Blyk to pull back from MVNO model beyond UK?

The MVNO model has been a troubled one - briefly successful experiments with different approaches (low cost, no-frills in parts of Europe; brand-led media models in the US) have usually led to failure or the acquisition of the virtual operator by a big name. There are a few exceptions, usually those backed by major consumer brands like Virgin or the UK's Tesco, but these have been outweighed by the failures.

The latest variation on the MVNO market, the advertising funded system, is also showing signs of strain, with pioneer Blyk reported to be scaling back its efforts. Most attempts to offer customers free calls or texts in return for viewing adverts have come from established brands like Virgin Mobile USA (with its Sugar Mama scheme), but Blyk was set up by ex-Nokia executives  and a veteran marketeer to pursue this business from scratch.

It launched in the UK in September 2007, and achieved a high profile among 16-24 year olds, but only built up about 200,000 customers. This suggests the model may be proving too limited to support Blyk's ambitions and those of its backers, especially at a time of advertising downturn.

Although it raised an additional €40 million ($51 million) last November to support its planned expansion beyond the UK, CEO Pekka Ala-Pietilä said the economic crisis had forced the company to cut costs and "streamline" its organisation.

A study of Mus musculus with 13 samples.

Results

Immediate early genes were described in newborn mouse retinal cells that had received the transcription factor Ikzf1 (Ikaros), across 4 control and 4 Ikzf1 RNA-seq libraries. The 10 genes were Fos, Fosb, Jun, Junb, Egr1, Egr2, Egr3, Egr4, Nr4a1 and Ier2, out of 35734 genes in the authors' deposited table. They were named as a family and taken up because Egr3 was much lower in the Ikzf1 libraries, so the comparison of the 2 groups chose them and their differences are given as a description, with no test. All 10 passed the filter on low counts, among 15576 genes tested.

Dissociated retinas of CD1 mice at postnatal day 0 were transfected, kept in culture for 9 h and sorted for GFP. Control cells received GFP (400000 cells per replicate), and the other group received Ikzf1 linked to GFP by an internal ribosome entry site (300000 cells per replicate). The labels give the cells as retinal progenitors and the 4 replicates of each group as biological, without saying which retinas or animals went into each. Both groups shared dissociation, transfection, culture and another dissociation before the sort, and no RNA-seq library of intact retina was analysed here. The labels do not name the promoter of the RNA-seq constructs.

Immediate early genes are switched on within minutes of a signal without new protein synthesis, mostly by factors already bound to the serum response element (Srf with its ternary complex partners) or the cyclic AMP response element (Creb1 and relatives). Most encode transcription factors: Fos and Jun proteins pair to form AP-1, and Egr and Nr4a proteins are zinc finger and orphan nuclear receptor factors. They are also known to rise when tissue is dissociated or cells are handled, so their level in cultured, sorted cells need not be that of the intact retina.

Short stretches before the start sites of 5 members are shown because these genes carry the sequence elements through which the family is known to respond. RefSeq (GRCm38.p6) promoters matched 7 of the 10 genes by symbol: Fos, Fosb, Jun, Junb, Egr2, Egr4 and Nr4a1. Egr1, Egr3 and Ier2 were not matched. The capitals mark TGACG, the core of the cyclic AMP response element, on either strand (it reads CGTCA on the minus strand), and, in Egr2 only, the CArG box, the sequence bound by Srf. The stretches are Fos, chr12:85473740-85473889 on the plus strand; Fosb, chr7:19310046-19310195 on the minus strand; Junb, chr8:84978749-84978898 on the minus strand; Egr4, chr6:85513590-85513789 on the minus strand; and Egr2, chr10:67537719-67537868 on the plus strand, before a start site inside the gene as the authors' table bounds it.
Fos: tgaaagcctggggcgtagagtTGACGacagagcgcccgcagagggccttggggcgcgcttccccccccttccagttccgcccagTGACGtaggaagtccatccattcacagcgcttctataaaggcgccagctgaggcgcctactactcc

At that time, it announced a new marketing strategy based upon partnering with major operators and local media companies rather than running its own virtual network operation. It adapted the ad-supported proposition even in its original market, introducing a monthly credit of £15 to be used for text or calls.

Now it seems to be pursuing the partnership approach even more strongly, confirming that it has scrapped plans to open full MVNOs in the Netherlands and Belgium, where it has offices.

According to TeleGeography, the virtual operator is now referring to the UK business as a "proof of concept" more than a blueprint for all its territories. The most likely route forward is for Blyk to work with larger cellcos, perhaps to run an ad-supported strand of their business under their brands rather than Blyk's own.

Blyk would bring its contacts and expertise among advertising agencies while the partners would bring a readymade customer base and channels. Blyk had previously planned to expand to Benelux, Germany, Spain and selected Asian markets during 2009.

Rethink Wireless
 

Suggested Articles

Wireless operators can provide 5G services with spectrum bands both above and below 6 GHz—but that doesn't mean that all countries will let them.

Here are the stories we’re tracking today.

The 5G Mobile Network Architecture research project will implement two 5G use cases in real-world test beds.